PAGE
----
How fast can you plane 1,000 feet of molding?
You want data? I've got data.
"They say a carpenter's known by his chips." — Jonathan Swift (1738)
Just before the turn of the 20th century, when steam-powered machinery dominated American manufacturing, the United States government paused in its relentless pursuit of economic growth and wondered if the erasure of countless hand tool production jobs was having unintended consequences. The report published as a result of that fleeting introspection has been long-forgotten, but inside of it is a precise picture of what it took to make a home with hand planes.
The report broke down each step needed to create, both by hand and machine, 672 products and services across 88 industries — including making wood flooring, ceilings, moulding, crown molding, mantles, window sashes, stairs, doors, and window frames. (Each table was published in two sections side-by-side, but I had to stack them on top of each other due to the narrow size of the newsletter.)
A single 35-year-old carpenter could make 1,000 feet of 4.5-inch yellow pine tongue and groove ceiling in four days, or about 250 feet in a 10-hour work day. A team of six people using steam-powered sawing and planing machines could do the same in less than an hour.
A 33-year-old carpenter could produce 1,000 feet of 3-inch white oak tongue and groove flooring in six 10-hour days. It took 30 hours alone just to rip the boards to size. A machine could do the same in nine minutes.
A 33-year-old carpenter could stick 1,000 feet of 3-inch mahogany molding in 80 hours. One thousand feet of molding is a ridiculous number — almost as tall as the Eiffel Tower or nearly as long as three American football fields, and more than enough for many homes. The 1,000 feet specified in each category was extrapolated from much smaller amounts that the craftsmen actually produced at a time, typically fewer than 200 feet. But the statisticians needed a larger number that could be compared with the huge amounts that machines were producing, sometimes up to 20,000 feet at a time.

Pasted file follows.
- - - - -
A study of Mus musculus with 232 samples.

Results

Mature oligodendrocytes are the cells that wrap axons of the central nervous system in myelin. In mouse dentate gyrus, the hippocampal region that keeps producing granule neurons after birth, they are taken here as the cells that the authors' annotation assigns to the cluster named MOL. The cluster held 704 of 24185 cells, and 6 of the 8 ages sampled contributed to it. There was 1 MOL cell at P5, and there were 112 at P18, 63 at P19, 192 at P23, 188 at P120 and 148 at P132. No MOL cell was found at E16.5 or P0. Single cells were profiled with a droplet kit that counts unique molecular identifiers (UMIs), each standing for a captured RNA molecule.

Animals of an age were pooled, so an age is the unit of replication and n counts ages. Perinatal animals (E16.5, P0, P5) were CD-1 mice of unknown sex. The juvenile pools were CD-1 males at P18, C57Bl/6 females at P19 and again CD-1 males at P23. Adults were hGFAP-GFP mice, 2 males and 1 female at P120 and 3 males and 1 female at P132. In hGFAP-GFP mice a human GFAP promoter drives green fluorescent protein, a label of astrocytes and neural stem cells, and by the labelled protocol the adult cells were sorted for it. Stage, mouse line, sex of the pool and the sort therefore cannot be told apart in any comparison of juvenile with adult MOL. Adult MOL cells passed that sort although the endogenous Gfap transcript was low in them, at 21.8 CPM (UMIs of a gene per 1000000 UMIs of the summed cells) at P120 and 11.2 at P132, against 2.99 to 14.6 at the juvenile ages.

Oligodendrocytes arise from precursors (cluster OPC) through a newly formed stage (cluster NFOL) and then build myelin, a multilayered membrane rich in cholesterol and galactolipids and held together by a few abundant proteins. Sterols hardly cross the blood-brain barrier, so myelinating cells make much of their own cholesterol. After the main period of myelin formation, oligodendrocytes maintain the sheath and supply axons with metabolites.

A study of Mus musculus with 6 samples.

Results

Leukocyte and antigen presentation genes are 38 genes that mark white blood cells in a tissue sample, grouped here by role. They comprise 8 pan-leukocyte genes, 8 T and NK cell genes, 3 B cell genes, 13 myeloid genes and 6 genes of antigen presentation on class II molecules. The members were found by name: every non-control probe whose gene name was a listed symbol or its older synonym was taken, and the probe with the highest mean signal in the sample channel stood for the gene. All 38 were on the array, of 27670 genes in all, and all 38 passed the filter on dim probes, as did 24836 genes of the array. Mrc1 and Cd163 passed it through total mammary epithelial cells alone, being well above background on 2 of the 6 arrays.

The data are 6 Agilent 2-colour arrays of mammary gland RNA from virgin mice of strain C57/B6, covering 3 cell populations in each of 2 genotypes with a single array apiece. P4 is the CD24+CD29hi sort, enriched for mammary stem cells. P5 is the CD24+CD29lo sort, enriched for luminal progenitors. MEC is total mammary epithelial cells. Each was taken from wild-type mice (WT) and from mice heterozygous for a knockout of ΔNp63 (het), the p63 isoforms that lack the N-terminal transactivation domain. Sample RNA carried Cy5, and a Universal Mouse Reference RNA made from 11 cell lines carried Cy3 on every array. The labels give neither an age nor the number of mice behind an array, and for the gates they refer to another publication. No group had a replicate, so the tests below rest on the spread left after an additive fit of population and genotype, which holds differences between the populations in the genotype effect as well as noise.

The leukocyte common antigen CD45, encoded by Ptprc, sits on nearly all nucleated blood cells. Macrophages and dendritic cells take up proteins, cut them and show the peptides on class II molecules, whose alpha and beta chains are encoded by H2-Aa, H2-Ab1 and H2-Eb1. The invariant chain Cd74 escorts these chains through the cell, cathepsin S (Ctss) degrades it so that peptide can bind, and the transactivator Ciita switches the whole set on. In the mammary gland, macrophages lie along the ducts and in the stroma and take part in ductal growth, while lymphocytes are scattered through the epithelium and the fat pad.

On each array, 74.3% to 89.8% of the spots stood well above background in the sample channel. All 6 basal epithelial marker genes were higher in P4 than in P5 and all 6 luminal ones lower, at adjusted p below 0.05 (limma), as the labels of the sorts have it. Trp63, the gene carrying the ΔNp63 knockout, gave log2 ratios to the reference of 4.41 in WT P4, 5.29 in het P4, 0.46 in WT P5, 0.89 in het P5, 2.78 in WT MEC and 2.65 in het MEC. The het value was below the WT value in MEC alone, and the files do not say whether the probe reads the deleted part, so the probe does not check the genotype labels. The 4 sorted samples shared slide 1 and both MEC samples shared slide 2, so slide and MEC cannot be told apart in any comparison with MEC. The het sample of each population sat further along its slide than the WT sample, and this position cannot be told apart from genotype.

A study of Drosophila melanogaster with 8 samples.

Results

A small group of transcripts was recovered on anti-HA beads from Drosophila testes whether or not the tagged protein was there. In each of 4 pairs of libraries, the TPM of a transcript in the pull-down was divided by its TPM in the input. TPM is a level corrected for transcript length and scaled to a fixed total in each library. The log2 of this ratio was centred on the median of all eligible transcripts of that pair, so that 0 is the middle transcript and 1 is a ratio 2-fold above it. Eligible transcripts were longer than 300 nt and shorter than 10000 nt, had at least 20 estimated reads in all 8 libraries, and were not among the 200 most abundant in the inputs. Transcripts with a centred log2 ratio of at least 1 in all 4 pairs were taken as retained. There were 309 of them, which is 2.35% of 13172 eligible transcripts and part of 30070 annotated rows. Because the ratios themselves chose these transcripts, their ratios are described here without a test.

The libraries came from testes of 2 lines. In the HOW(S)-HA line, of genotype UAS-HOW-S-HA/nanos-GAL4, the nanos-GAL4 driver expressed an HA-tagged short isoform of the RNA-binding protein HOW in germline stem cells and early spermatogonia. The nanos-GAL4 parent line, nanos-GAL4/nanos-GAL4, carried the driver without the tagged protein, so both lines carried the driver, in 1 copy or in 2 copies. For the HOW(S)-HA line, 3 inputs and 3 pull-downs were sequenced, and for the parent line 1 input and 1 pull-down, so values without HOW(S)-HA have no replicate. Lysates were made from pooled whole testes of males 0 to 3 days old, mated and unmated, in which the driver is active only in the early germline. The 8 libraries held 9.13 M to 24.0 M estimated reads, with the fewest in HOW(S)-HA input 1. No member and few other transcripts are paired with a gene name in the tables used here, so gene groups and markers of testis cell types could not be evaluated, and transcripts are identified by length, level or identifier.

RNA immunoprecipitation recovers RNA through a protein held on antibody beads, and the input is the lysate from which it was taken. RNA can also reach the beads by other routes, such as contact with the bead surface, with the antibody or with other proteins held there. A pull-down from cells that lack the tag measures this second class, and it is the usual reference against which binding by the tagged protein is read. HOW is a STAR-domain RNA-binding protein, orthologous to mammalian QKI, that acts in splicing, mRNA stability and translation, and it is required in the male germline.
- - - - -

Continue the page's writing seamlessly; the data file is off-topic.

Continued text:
It took three carpenters more than five days to produce 1,000 feet of 5-inch yellow pine ogee cornice molding. The labor cost for doing it by hand: $18.75. By machine: two people, 1 hour, $0.22.
Sash making (likely the subject of a future newsletter) is time-consuming. According to the data it would take 12 and a half days to make 50 sashes by hand. That seems pretty quick to me, but there are only two panes per sash. A window with lots of panes would take far longer.
The report, titled Hand and Machine Labor, came about following a recession in the mid-1880s. In 1894, Congress tasked the commissioner of labor to quantify the effect mechanization was having on labor issues. It was such a broad request that one economist called it "nothing short of a demand for a complete analysis of modern industrial society."1 Hand and Machine Labor took five years to complete and was so enormously complex (it topped 2,000 pages) that even the commissioner admitted there was no way to use the data to answer most of Congress' questions. It wasn't until recently that modern computing power allowed statisticians to conduct econometric analysis on it.2
As a window into how wood house products were made 170 years ago, the data is fascinating. If you're interested in hand tool woodworking, it's worth exploring. I think most of us would be woefully unable to keep pace with the workmen in the survey, even just jointing a floor board. But if you think you can beat their times, there's a good job waiting for you in 1859.
Richmond Mayo-Smith, Review of Hand and Machine Labor. Political Science Quarterly, vol. 15, no. 1, 1900, pp. 153–55.
Jeremy Atack, Robert A. Margo, Paul W. Rhode. "'Automation' of Manufacturing in the Late Nineteenth Century: The Hand and Machine Labor Study." Journal of Economic Perspectives, vol. 33, no. 2, 2019, pp. 51–70.